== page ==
IN the Philippines, heat and humidity are givens. They’re also the reasons why our electric bills tend to go up during summer months. But there are homes that are cooler than others throughout the year. Their secret? Climate-conscious design.
“Some designs just don’t make sense in a tropical climate like ours,” said architect Gelo Mañosa, son of renowned designer Francisco “Bobby” Mañosa, and CEO of Mañosa & Co. “When designing a home, you need to keep in mind the conditions that surround it. A house designed, for say, Finland, might be beautiful, but not appropriate for the reality of Philippine climate.”
Mañosa said there are three important factors to consider when designing for hot and humid climates: direct solar radiation, orientation, and wind direction.
“If you want a cooler home, maximize passive cooling and minimize ‘heat gain,” he advised. “A well-thought-out design, which includes choosing the right materials, proper sun protection, landscape design and proper orientation, can make an enormous difference.”
Mañosa gave 10 tips for creating cooler homes, that could shave off pesos from your airconditioning costs.
Use light colors for your home’s exterior
“One of the biggest mistakes a person can make in a country like ours is to use dark colors for external walls,” said Mañosa. Dark colors absorb the sun’s energy and retain heat for much longer. Stick to light colors, which reflect the heat from the sun and keep it away from your home.
Insulate your building envelope
The building envelope is the physical separator between the interior and the exterior environments of a structure. “A well-insulated building envelope gives you less heat gain, so your home cools faster and your appliances don’t have to work as hard,” Mañosa said.
Insulating an already existing structure can be costly, depending on the method you choose – but it’s well worth the investment in the long run. “If you’re looking for a quick and relatively economical fix to an existing roof, look into a polyurethane foam spray for your roof,” he said. “Aside from waterproofing, it also helps to insulate your home from the sun’s heat.”
“Keep the sun away from your house,” Mañosa said. The cooler you can keep the interior of your house, the less you have to spend on air conditioning. Indoor shade is helpful, but doesn’t keep the heat out. “External shade — eaves, overhangs, sunshades, even trees and plants to block the sun’s rays … these are more effective,” he added.
Allow for cross ventilation
Cross ventilation is a natural form of wind ventilation that drives air from openings at one side of a structure through to the other. Its success depends on the tightness of the building envelope, the position and size of your openings (windows, doors, vents) as well as the path in between the two sides of the house.
“You need to know beforehand the direction in which the wind blows. It goes without saying that cross ventilation is only effective if you actually keep your openings open,” Mañosa said.
When wind enters through a smaller opening and exits through a bigger opening, that’s a ‘squeeze point.’ This creates a natural vacuum which increases wind velocity.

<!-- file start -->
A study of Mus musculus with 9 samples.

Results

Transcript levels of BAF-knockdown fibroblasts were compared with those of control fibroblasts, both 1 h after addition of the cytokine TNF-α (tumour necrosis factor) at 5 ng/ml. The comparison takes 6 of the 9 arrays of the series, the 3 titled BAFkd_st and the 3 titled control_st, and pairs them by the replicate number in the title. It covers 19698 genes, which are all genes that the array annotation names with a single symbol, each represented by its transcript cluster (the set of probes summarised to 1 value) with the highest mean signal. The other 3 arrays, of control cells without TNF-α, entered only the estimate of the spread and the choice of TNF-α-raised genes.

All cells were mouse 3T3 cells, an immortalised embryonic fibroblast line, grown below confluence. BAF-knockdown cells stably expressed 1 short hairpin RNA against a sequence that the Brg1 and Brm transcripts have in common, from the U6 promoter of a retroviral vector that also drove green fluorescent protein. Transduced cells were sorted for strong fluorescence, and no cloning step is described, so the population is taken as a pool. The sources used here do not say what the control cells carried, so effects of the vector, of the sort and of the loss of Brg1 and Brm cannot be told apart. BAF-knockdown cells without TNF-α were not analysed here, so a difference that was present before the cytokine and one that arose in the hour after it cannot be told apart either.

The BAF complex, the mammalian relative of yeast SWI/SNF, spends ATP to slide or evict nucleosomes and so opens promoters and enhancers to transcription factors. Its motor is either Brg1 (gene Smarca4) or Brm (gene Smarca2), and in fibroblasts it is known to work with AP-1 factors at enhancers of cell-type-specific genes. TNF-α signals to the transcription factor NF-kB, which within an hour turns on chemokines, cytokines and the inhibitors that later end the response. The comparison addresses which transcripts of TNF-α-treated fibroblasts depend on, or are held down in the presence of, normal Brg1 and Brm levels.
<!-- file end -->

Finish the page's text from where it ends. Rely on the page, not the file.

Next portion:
“We usually incorporate squeeze points into our designs, but in an existing home, you can create the same effect by opening the window or door receiving the breeze a little less than the one on the opposite wall,” Mañosa ”One needs to understand where the wind comes from at different times of the year, as the wind changes depending on the month.”
Let wind enter at an oblique angle
You get better air circulation when the wind enters the opening of your structure at an oblique angle of about 45-50 degrees. When wind passes through an oblique angle, it causes interior air to be more turbulent, allowing air to hit the corners of the structure.
Create a stack effect
A stack effect is when warmer, lighter indoor air is displaced by cooler and denser outdoor air. If you create an opening high in the building and another low in the building, this causes a natural flow. If the air inside your structure is hotter than the air outside, the stack effect will make it float out the top opening, to be replaced with cooler air from outside.
Use fans to promote better airflow
Hot air rises and escapes through the higher parts of your home. You can help it escape faster by pushing the air upwards with the use of fans. If you have standing fans, position them to move the hot air in the direction you want it to go (up). If you have a ceiling fan, it should be spinning counter-clockwise to push hot air up and out.
Let air pass through shaded areas to keep the air cool. Trees, if properly placed, can be used to cool incoming air. Vegetation can also be used to funnel wind and free air movement maintained around the structure.
Plants and grass also greatly reduce ground temperature, compared to hard surfaces like concrete which have more heat gain.
Buy and use appliances wisely
Despite having all these design features incorporated into your home, there really will be days that it’s just too hot,” Mañosa said. This happens more often in this age of climate change and global warming.
“If you have to use air conditioning regularly, consider investing in Inverter type air-conditioning combined with solar energy, which is getting more and more affordable as the years go by,” he said.
Look for energy star-rated appliances, and minimize the use of energy sucks like mini-oven toasters and other heating appliances. Making energy-conserving changes to your lifestyle can help to balance things out.